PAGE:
EPA ID# OHD061722211
Last Updated: May, 2015

Site Description

The Laskin/Poplar Oil Company site, which covers nine acres, is located in Ashtabula County, Ohio. The site formerly housed a waste oil storage area and a greenhouse. The owners used waste oil to heat the greenhouse and for road oiling. Some of the waste oil  was contaminated with polychlorinated biphenyls (PCBs) and other hazardous constituents. Later, the owner began collecting, reselling and disposing of waste oils. The operation was shut down by Court Order in 1981. Hazardous liquids stored in tanks and ponds had the potential to overflow or otherwise release contaminants into nearby Cemetery Creek, impact a downstream drinking water supply.

Site Responsibility

Early investigations and emergency actions were federally funded. Subsequent actions were conducted by PRPs under federal and state oversight.

Threats and Contaminants

The waste oils, contaminated water, and sludge contained PCBs, polyaromatic hydrocarbons (PAHs), phenolic compounds and volatile organic compounds (VOCs), including benzene, trichloroethylene, methylene chloride, tetrachoroethylene, and toluene. The shallow groundwater below the site was contaminated with PAHs, and some VOCs. Sediments in the onsite retention pond were contaminated with PCBs, PAHs, some VOCs, and lead. Onsite soils were contaminated with PCBs, PAHs, lead and pesticides. The boiler house was contaminated with PCBs, PAHs, dioxin, lead and zinc. The primary risk associated with the Site included the potential for future consumption of groundwater underlying the Site and risk to trespassers who came into contact with contaminated soils and sediments.

Cleanup Progress

In 1981 and 1982, the United States Environmental Protection Agency (U.S. EPA) took several emergency actions, including draining two ponds, diversion of surface water run off to a retention pond, removal and offsite incineration of 302,000 gallons of waste oil, treatment and discharge of 430,000 gallons of contaminated surface water, and solidification of 205,000 gallons of sludge. In 1985 and 1986, under a Unilateral Administrative Order (UAO), private parties removed 250,000 gallons of oil and wastewater from the pits and tanks.

From 1983-1989, U.S. EPA conducted a Remedial Investigation/Feasibility Study (RI/FS). The RI was an investigation into the nature and extent of the site contamination; the FS was a study of long term cleanup alternatives for the site. In 1987, U.S. EPA selected a source removal remedial action and documented the rationale for that selection in a Record of Decision (ROD). Under Unilateral Administrative Orders, EPA ordered the private parties to develop a design for the source removal work. Groundwater and soils were contaminated by a large number of contaminants, including PAH, PCB, lead, and 2,3,7,8-tetrachlorodibenzodioxin. In 1989, U.S. EPA issued a ROD for the final Remedial Actions (RAs) at the site, which primarily included diversion of groundwater from the site and construction of a low-permeability cap over the site.

In 1989, a group of private parties entered into a Consent Decree with U.S. EPA to implement the cleanup actions documented in the 1987 and 1989 RODs. In 1991-1993, the private parties completed the source removal and construction work. The source removal work included onsite incineration of oils, sludge, tanks, drums, boiler house equipment, the boiler house structure and stack, boiler house soils, pit structures, and source soils. In all, 7,500 tons of source material was incinerated. In addition, 164,360 gallons of wastewater was treated and discharged, and 49.5 cubic yards asbestos material from the boiler house were removed; 40 cubic yards of the asbestos material was disposed in an offsite landfill, while 9.5 cubic yards were contained in an onsite vault because of dioxin contamination. The final cleanup action included construction of a groundwater diversion trench and slurry cut-off walls, which have successfully lowered the water table to below the contaminated soil. The soils are further isolated by a low-permeability cap over the site, which has successfully eliminated the direct contact threat and reduced infiltration. Since 1993, private parties have been conducting maintenance and monitoring activities, which has verified that the final cleanup actions have remained effective.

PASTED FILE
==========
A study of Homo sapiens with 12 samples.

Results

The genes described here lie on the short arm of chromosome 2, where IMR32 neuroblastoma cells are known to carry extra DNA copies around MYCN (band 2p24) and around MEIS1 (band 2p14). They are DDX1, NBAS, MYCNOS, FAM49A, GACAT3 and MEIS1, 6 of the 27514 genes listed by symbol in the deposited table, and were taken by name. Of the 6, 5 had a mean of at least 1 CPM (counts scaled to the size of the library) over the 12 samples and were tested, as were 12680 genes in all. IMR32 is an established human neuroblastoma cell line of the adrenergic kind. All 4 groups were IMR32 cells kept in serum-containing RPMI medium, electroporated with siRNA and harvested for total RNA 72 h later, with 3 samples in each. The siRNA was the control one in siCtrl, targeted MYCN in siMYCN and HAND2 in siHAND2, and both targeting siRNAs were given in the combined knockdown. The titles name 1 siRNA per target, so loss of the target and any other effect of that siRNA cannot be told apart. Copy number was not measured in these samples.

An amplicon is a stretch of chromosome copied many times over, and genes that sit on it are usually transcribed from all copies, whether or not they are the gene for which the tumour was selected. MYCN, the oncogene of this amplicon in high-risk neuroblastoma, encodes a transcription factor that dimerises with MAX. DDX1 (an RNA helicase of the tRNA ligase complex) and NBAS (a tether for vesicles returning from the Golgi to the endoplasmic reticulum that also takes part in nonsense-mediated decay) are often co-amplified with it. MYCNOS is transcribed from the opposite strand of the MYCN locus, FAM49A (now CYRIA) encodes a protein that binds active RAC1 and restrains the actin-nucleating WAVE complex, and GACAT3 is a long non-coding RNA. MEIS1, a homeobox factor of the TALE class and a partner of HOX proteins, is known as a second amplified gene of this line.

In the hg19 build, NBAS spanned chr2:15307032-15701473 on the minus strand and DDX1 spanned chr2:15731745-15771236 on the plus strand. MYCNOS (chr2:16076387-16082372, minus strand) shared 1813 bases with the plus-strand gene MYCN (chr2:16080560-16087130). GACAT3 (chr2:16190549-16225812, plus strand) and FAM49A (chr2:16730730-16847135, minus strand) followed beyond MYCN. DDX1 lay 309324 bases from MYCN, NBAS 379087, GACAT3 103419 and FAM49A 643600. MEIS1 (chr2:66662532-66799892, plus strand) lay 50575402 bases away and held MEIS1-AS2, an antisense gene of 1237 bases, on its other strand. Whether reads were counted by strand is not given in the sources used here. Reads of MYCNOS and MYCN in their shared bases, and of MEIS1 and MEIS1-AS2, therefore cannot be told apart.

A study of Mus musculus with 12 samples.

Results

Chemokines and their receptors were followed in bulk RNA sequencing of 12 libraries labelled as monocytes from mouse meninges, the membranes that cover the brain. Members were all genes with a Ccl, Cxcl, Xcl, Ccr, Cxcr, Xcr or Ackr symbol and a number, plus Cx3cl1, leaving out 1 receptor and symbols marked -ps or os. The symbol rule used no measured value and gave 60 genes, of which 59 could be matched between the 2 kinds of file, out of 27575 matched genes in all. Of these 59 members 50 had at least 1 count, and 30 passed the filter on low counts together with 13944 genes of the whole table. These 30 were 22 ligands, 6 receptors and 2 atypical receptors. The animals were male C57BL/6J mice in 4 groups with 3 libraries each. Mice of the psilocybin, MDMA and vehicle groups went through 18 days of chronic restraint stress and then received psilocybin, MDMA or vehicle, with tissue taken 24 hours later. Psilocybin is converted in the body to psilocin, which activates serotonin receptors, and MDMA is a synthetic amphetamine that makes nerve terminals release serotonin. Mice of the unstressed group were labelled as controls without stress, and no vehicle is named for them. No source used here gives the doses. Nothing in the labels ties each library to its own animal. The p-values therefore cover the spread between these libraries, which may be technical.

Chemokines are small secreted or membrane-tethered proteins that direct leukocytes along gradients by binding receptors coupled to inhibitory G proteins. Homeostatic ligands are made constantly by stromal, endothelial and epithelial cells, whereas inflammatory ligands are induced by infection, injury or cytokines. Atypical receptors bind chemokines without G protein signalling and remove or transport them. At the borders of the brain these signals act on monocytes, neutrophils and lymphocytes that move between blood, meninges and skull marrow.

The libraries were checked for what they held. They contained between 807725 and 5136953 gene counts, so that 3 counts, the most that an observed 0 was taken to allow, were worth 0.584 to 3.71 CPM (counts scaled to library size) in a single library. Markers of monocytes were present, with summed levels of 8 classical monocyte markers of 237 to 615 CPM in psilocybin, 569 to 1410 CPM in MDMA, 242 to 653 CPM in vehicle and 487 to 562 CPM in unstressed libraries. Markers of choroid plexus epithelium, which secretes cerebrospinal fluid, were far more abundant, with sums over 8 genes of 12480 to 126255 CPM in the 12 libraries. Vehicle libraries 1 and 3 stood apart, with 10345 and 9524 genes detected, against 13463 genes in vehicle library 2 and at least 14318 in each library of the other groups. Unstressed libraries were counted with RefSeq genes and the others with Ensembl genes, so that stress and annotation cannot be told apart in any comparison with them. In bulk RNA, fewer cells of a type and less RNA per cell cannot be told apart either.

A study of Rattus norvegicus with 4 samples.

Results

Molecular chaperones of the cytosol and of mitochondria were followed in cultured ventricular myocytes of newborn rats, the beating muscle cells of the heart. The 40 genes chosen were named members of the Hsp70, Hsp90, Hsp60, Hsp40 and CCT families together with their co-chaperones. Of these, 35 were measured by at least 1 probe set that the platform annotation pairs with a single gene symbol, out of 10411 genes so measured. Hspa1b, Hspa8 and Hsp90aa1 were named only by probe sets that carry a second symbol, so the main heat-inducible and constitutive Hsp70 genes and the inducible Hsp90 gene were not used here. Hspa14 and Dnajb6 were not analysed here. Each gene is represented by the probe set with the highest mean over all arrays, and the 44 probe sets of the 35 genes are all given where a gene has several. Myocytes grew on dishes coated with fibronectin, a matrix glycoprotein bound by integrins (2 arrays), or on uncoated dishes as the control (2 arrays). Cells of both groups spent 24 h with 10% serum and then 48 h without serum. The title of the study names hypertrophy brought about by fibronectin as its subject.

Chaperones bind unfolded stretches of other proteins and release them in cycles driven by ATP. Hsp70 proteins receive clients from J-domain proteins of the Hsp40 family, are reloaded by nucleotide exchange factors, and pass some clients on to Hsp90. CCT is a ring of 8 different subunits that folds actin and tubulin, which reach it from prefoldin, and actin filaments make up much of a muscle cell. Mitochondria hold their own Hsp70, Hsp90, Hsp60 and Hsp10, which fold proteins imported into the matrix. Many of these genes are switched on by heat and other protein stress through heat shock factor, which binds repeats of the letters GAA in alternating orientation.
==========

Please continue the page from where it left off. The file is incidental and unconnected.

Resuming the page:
Since 1999 four Five-Year Reviews (FYR) have been conducted at the Site to assess implementation and protectiveness of the remedy. The most recent FYR was completed May 14, 2014. This review concluded that the site is protective of human health and the environment, because threats to human health and the environment were addressed through capping of the contaminated soil, maintaining groundwater levels below the contaminated soil, implementation of site restrictions consisting of a six-foot high chain link perimeter fence with three-strand barbed wire and warning signs posted at 200 foot intervals along the fence.

The next five-year review is due in 2019.

Property Reuse

Astabula County had inquired about potential use of a portion of the Laskin property for parking during the County Fair. However, the PRP Trust has declined to allow the use of Laskin property for parking purposes.


Remedial Project Manager, U.S. EPA
nanjunda gowda (gowda.nanjunda@epa.gov)
(312) 353-9236

Community Involvement Coordinator, U.S. EPA
susan pastor
(312) 353-1325




Site Profile Information

This profile provides you with information on EPA's cleanup progress at this Superfund site.